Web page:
Originally Posted by RunningBum
VG makes it pretty simple because (I think) they just use FIFO and they will calculate the ST and LT basis and gain/loss of the shares you sold.
Vanguard uses the Average Cost Basis method. By the way, if you are a Vanguard Brokerage Services customer, you can specify that Vanguard instead use either the FIFI or "Highest In, First Out (HIFO) method for computing cost basis on ETFs and stock
shares (they don't do it for any mutual fund share sales).
Yes, you can save on taxes by identifying specific MF shares for sale and notifying Vanguard to sell those, and get confirmation from them, and keep that confirmation (effectively forever--or until you close out that account). Then you'll need to keep track of which ones have been sold don't forget to include the tiny purchases that may have resulted from re-invested dividends). It is an effective way to harvest losses for tax purposes, and to take capital gains at a time when it will do the least tax damage. Overall, it was not worth the hassle to us (well, ME really), we just use the average cost basis provided by Vanguard.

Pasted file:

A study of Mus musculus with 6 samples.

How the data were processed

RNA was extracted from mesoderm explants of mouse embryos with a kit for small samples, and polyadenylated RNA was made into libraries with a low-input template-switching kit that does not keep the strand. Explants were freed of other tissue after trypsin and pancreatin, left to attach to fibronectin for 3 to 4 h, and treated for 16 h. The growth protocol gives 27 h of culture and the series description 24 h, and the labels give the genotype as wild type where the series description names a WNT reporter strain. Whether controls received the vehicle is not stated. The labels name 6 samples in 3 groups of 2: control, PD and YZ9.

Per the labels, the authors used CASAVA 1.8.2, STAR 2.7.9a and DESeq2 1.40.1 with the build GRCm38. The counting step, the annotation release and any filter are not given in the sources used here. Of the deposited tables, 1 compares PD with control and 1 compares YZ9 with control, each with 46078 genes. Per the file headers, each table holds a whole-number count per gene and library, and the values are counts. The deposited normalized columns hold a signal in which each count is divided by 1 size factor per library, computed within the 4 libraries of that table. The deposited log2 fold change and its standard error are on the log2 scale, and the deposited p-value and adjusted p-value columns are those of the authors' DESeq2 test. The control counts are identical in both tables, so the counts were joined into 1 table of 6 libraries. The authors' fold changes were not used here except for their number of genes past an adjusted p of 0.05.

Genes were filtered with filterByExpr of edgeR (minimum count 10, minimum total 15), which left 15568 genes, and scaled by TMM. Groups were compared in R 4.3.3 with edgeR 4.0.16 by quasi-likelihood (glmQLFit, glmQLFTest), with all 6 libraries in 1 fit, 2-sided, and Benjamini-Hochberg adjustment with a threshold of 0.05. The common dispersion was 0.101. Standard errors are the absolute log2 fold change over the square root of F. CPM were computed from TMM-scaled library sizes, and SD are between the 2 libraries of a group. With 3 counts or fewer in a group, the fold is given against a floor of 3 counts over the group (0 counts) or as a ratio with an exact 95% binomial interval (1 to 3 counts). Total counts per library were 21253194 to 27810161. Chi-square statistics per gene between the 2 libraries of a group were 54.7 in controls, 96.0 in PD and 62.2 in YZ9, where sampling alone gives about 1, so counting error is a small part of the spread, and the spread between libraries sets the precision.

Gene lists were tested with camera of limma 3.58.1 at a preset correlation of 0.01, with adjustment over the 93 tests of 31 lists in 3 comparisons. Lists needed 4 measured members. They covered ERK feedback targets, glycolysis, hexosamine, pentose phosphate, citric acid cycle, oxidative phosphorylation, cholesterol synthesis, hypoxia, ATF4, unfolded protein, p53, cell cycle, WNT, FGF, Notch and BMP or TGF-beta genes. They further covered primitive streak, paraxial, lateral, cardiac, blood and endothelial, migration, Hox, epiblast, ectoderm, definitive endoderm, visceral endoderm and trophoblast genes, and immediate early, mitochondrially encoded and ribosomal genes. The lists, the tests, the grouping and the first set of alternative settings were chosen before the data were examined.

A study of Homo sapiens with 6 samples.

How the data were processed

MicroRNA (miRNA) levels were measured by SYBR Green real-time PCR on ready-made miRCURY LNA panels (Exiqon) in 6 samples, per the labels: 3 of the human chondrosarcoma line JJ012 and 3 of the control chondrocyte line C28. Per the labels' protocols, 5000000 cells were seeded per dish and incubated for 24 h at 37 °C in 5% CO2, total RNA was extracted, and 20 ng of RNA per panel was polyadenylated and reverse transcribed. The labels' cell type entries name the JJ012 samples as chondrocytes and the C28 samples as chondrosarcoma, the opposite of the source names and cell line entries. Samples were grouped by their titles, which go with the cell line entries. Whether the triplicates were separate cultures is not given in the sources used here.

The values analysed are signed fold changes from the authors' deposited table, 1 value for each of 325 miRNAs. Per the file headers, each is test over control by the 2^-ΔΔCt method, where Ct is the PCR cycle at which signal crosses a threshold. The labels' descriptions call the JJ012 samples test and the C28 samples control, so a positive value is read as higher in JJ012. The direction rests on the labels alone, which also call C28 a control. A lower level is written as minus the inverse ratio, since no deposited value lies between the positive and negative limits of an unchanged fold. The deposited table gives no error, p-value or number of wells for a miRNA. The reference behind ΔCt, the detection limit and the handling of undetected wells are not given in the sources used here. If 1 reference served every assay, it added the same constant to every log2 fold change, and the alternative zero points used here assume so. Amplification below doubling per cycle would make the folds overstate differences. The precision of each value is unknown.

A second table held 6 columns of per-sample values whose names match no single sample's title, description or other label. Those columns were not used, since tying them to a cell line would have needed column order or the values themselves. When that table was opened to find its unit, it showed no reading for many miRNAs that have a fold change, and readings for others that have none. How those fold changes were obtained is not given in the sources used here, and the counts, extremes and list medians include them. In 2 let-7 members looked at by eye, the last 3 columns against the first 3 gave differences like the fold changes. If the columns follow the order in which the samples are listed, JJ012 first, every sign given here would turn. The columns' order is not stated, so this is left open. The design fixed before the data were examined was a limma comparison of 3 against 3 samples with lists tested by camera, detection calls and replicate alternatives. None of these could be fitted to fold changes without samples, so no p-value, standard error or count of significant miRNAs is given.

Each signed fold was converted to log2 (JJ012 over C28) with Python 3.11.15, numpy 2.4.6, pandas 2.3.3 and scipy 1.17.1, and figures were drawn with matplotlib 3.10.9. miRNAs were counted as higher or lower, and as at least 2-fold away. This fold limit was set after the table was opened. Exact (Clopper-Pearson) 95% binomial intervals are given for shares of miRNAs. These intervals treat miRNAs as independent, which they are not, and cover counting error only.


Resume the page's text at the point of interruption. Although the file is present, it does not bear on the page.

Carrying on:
It probably makes sense to look at two things right now in consideration of your particular circumstances:
1) Would it make sense to sell all/some non-tax-deferred holdings before 2010 in order to get the more favorable current Cap gains tax rate, and re-purchase the same assets shortly thereafter? In addition to re-setting your cost basis at a higher level, it would also give a chance to tweak your asset allocation without (additional) tax consequences. Also, if one wanted to start using a different method of cost basis calculation, it could be done from a clean sheet.
2) Maybe work out the $$/hour of the time investment to do any type of "specific shares" cost basis accounting.